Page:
Medicaid provides an important social safety net for the most vulnerable members of society. Supported by matching federal funds and administered by state governments under federal guidelines, the program varies considerably from state to state based on the individual program designs. Medicaid supports the blind, disabled, elderly, and impoverished, providing access to vital, frequently lifesaving care. In addition, the program provides provisions to cover the uninsured, creating access to basic healthcare for vulnerable populations. In many cases, Medicaid provides care that could otherwise not be accessed, and the expanded use of various Managed Care Organization (MCO) models allows for access to substantially more economical preventative medicine, avoiding the need for highly burdensome emergency care. As the expense of this program has grown, it has become a source of significant debate, and policy leaders continue working to institute cost controls to reign in expenditures.
While it is imperative to find fiscally conservative solutions to reduce cost inflation, waste, fraud, and abuse of Medicaid benefits, a blanket conversion of the Medicaid program to a block grant system would create federal cost savings on the backs of struggling State governments. As a complex program impacting a large and diverse group of recipients, it should not be assumed that states would be successful in immediately innovating, armed with flexibility alone. States failing to rapidly innovate would either need to immediately and drastically cut benefits in order to bridge the gap between fixed federal funding and program costs or would need to divert funds from other essential functions such as education in order to cover Medicaid shortfalls.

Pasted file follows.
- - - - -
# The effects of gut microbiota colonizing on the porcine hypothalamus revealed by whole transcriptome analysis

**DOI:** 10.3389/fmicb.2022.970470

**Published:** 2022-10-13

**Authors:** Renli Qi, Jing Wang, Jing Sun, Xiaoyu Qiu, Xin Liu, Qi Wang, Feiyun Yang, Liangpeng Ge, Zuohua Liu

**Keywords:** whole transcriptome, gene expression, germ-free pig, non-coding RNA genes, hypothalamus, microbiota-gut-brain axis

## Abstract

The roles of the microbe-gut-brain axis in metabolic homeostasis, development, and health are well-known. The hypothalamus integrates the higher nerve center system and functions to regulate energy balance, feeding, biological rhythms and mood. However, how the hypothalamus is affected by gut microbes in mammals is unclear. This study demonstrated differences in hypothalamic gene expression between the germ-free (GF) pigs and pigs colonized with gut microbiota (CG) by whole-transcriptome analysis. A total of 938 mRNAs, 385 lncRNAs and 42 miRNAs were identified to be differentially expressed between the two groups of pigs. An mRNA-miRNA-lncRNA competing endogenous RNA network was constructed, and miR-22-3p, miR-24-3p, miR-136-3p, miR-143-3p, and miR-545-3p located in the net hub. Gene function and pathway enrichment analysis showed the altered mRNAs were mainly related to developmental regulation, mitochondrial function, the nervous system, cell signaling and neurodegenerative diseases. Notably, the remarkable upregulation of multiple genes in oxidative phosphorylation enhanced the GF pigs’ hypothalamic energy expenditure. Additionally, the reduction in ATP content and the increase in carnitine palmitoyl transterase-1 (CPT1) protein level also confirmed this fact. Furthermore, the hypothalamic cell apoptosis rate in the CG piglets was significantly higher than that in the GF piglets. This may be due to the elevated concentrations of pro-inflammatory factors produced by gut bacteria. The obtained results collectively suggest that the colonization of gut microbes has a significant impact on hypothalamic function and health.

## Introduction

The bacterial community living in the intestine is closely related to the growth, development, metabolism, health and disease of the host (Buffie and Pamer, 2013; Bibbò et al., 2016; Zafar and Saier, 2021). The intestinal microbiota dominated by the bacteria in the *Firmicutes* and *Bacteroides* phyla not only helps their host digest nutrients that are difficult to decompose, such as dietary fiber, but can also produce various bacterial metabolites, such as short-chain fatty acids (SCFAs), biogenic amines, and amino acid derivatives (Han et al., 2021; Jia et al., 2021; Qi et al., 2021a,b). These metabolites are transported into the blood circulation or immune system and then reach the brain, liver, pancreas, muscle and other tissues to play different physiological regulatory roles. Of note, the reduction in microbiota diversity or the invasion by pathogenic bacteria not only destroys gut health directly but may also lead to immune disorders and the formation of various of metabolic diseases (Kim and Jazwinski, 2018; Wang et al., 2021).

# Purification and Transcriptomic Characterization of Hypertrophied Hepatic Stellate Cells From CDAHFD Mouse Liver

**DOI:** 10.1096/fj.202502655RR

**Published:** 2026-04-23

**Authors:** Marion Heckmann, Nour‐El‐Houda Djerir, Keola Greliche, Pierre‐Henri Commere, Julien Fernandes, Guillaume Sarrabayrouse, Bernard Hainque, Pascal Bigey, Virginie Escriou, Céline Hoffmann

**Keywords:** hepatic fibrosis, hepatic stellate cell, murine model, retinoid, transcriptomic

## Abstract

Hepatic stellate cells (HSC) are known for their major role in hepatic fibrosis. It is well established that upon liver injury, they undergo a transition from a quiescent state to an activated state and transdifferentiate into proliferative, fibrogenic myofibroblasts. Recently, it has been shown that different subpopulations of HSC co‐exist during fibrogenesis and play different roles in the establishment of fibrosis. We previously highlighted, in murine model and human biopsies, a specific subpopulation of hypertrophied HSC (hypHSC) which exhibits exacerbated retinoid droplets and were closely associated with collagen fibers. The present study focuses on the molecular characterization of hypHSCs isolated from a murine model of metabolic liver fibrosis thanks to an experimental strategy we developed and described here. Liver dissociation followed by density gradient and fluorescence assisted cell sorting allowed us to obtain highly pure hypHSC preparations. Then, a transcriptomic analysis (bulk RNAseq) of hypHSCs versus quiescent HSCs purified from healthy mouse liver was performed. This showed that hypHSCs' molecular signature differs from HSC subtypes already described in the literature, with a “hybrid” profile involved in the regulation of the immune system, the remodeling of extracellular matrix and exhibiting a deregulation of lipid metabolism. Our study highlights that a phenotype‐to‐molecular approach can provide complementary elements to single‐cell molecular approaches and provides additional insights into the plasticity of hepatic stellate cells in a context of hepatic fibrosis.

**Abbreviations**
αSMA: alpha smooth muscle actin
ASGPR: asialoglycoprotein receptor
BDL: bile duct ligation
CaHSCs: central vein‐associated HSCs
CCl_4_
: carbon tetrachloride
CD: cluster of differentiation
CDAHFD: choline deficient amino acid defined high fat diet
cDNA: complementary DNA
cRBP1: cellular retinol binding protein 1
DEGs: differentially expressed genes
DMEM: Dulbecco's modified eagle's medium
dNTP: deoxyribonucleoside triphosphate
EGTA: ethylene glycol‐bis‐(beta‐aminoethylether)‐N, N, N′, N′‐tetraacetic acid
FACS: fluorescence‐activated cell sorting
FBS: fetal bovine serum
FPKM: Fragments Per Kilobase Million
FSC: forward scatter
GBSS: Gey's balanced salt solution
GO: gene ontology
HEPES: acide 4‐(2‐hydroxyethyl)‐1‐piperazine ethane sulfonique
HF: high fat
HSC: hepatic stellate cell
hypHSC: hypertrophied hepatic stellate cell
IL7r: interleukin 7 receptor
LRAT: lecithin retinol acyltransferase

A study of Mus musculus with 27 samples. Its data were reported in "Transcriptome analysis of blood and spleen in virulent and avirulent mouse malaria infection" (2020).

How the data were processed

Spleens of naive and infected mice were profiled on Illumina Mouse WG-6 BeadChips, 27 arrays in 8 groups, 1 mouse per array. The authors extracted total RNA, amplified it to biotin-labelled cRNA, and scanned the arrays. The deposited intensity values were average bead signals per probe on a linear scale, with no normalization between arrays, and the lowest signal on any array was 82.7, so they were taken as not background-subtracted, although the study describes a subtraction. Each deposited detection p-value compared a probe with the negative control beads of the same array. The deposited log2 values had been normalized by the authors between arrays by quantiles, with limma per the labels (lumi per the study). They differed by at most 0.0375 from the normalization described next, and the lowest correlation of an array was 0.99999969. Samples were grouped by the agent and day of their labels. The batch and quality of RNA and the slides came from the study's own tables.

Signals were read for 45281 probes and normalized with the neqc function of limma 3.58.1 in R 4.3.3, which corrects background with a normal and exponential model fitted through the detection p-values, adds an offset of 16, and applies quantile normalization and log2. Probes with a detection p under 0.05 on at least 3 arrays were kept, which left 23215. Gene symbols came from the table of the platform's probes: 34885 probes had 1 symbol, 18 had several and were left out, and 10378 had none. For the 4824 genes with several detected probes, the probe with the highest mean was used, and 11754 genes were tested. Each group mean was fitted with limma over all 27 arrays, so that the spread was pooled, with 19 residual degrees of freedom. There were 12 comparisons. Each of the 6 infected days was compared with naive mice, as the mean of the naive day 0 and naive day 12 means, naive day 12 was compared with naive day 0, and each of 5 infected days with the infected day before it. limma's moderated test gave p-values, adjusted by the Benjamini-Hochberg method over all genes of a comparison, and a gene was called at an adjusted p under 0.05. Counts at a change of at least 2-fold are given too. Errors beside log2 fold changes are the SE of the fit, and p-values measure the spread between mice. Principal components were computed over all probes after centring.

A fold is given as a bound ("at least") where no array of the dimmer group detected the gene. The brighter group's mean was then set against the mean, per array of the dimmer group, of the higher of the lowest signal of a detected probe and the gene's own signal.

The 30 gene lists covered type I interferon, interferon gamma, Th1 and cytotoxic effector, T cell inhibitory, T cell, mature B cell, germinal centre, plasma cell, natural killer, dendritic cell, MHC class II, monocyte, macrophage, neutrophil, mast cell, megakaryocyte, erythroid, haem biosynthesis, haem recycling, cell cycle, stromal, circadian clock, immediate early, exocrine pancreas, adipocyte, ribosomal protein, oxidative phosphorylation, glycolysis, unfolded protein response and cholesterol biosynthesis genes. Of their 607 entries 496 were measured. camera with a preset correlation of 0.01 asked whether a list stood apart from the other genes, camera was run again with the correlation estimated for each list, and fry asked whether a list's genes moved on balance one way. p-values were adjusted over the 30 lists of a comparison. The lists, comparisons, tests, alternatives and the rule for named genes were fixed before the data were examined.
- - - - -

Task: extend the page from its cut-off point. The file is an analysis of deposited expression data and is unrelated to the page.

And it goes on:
Converting Medicaid into a block grant program effectively skirts federal responsibility to address a growing systemic issue that has placed enormous burden on both the public and private sectors. As healthcare costs continue to rise, placing heavy burden on federal, state,municipal, and private sector budgets, it is clear that innovative solutions to cost inflation are as essential as they are elusive. It will take significant effort by all stakeholders to address this problem head on, requiring collaboration across a broad array of stakeholders. Universal block grant funding is not a viable alternative to solving this problem as a nation.
By continuing the allowance of partial and global waivers under the current Medicaid program, providing exemptions for states with specific plans for substantial reform of their individual Medicaid programs, other State governments can learn from the changes that are occurring in Rhode Island and Washington, and institute the program changes best suited for the efficient delivery of services to their respective populations. As we learn from pilot reform efforts, Medicaid can continue to evolve into a dynamic program driven by local needs, without discarding its current structure entirely by way of the one size fits all block funding model.